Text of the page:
Ready for Internet judges and online hearings where clients can resolve their differences pro se without having to leave their living room or hire an attorney?
It’s coming, says one legal futurist.
“A better way of running state-based dispute resolution is largely using technology, rather than traditional methods,” says Richard Susskind, the eminent British legal scholar and technology guru, in this American Bar Association podcast. “Rather than hiring a lawyer, one might instead have an online dialogue with the other party and a judge and resolve a dispute more rapidly.”
Susskind – the President of the Society for Computers and the Law and an Oxford professor – has been a thought leader on legal technology since the 1980s. When he is not writing and speaking on all things tech, he serves as IT Adviser to the Lord Chief Justice of England and Wales – a title we all dream of putting on our letterhead some day.
Now he gazes at the horizon and sees online courts with lawyers nowhere in sight.
In the UK, a roadmap for getting there was published in 2015 by an Advisory Group on Online Dispute Resolution. The report recommends the establishment of Her Majesty’s Online Courts, consisting of three tiers: online evaluation, online facilitation and online judges.
The benefits? An increase in access to justice, Susskind says, and huge savings in the costs of court administration.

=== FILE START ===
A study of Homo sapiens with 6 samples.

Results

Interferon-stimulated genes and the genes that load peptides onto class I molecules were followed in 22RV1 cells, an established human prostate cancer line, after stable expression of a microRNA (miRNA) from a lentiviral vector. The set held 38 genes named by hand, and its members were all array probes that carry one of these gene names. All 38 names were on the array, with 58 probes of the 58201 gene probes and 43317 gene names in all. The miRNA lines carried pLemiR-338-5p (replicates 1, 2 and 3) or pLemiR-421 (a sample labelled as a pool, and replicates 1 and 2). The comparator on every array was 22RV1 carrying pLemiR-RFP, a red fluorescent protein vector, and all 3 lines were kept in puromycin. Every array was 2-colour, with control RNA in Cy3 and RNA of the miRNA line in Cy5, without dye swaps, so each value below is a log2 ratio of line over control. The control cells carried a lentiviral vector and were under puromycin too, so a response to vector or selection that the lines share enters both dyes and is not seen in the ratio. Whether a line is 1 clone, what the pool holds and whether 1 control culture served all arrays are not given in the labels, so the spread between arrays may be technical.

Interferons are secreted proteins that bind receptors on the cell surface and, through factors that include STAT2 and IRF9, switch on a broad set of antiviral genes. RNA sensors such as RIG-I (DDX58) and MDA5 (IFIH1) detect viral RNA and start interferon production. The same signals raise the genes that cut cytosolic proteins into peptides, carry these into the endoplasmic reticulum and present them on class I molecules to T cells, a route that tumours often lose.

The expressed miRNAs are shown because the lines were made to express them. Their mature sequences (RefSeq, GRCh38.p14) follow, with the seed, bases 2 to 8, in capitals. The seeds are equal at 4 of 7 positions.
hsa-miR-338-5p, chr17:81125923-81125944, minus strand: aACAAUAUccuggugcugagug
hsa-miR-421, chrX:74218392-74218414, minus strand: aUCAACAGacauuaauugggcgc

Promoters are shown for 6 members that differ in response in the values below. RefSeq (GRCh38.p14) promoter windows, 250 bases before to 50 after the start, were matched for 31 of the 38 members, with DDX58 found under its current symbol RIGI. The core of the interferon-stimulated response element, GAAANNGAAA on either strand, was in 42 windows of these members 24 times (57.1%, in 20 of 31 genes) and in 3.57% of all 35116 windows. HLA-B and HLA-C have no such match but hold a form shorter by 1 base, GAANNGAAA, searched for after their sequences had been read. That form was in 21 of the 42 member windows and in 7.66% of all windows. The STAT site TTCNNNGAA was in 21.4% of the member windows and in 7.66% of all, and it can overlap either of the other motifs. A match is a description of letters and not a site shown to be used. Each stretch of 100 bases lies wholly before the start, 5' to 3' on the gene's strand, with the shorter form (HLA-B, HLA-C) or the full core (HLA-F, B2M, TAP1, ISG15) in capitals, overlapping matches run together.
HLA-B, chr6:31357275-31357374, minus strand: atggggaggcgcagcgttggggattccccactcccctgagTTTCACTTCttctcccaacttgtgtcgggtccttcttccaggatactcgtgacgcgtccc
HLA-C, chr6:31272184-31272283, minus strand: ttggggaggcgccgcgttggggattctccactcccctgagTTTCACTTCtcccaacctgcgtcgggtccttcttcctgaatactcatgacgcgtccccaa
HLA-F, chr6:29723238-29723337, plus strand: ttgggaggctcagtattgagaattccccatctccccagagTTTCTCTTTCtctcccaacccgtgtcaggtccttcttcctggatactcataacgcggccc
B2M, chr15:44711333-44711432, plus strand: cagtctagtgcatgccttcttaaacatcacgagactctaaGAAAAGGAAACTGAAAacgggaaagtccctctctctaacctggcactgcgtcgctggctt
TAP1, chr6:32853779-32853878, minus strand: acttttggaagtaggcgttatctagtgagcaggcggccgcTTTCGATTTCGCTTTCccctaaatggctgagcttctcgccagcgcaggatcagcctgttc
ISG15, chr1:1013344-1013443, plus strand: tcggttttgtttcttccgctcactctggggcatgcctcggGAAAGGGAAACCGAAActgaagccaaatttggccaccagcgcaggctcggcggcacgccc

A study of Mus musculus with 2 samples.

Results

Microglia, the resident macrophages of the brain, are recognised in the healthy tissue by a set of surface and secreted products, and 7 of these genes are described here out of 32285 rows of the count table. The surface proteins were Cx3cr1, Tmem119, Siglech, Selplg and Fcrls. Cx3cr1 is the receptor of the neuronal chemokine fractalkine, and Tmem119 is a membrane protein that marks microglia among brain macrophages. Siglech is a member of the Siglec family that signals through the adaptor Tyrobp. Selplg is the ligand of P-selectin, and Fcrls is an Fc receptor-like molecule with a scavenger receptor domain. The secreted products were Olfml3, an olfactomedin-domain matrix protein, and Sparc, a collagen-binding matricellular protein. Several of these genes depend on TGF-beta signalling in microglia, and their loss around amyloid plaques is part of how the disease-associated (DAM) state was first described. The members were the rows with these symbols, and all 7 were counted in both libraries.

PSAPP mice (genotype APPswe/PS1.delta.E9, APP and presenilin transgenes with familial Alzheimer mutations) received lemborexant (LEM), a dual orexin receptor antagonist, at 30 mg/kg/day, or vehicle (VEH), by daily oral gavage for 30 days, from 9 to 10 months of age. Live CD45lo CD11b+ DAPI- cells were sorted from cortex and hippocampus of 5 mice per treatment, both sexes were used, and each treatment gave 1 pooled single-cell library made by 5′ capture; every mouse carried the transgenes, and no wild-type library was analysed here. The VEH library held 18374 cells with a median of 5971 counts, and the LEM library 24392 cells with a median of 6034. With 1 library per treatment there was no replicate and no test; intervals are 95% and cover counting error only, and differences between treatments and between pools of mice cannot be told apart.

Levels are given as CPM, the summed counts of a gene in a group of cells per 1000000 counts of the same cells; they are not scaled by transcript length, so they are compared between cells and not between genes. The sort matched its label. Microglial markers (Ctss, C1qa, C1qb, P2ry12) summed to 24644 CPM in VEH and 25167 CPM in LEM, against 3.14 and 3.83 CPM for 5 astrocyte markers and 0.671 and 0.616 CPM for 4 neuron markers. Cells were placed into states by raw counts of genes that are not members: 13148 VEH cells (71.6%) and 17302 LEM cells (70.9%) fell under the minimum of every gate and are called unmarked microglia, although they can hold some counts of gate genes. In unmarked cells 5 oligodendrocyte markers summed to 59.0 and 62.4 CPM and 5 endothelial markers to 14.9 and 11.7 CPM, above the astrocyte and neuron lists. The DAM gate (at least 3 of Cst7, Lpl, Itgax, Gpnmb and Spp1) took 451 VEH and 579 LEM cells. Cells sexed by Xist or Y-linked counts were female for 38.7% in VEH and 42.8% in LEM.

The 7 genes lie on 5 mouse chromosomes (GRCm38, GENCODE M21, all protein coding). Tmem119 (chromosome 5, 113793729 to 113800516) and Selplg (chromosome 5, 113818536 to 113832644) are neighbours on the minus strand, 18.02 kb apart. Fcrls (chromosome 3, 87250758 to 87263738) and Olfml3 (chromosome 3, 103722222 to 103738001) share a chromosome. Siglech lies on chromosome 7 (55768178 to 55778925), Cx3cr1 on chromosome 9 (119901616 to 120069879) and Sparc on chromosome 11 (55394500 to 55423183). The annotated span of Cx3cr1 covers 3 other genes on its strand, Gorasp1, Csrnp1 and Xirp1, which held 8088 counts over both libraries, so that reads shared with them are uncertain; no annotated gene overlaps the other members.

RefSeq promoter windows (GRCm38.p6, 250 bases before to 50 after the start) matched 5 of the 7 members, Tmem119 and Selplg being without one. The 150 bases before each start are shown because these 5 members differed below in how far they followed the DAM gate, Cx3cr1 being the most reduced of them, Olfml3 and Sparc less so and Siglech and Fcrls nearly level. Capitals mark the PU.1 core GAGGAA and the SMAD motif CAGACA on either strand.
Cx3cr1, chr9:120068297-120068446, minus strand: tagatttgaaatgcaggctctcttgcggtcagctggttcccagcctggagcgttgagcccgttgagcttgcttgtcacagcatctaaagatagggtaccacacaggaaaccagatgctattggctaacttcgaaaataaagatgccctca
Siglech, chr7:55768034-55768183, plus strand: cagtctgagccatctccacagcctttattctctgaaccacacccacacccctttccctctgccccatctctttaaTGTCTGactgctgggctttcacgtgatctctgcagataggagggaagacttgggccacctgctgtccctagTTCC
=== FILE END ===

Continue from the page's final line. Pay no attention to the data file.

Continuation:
Embrace Change and Thrive
All this is awful news for lawyers, right? Not necessarily, says Susskind. Online courts could open up new and lucrative opportunities for attorneys – at least those who are willing to embrace change.
“Ideas about using technology present a rosy future indeed,” he says. “My optimism derives from my aim in life, which is to try to make the law and dispute resolution more accessible to the ordinary person and businesses, too. The pessimism lies in relation to those lawyers who are unwilling to change. As we move into the [2020s], unless you are adaptable, entrepreneurial and really willing to embrace technology, there’s a rather grim future ahead.”
The US court system – much larger and more diverse than its UK counterpart – has historically been slow to embrace technological change.
One exception is the U.S. 9th Circuit Court of Appeals, based in San Francisco. The nation’s busiest appellate court was using email before many Americans had even heard of the term. And in 2013, it became the first court in the federal system to begin live-streaming oral arguments.
“The 9th Circuit has a long history of using advances in technology to make the court more accessible and transparent,” said Chief Judge Alex Kozinski at the time. “Video streaming is a way to open the court’s doors even wider so that more people can see and hear what transpires in the courtroom, particularly in regard to some of our most important cases.”
Are online courts a good idea? What do you say?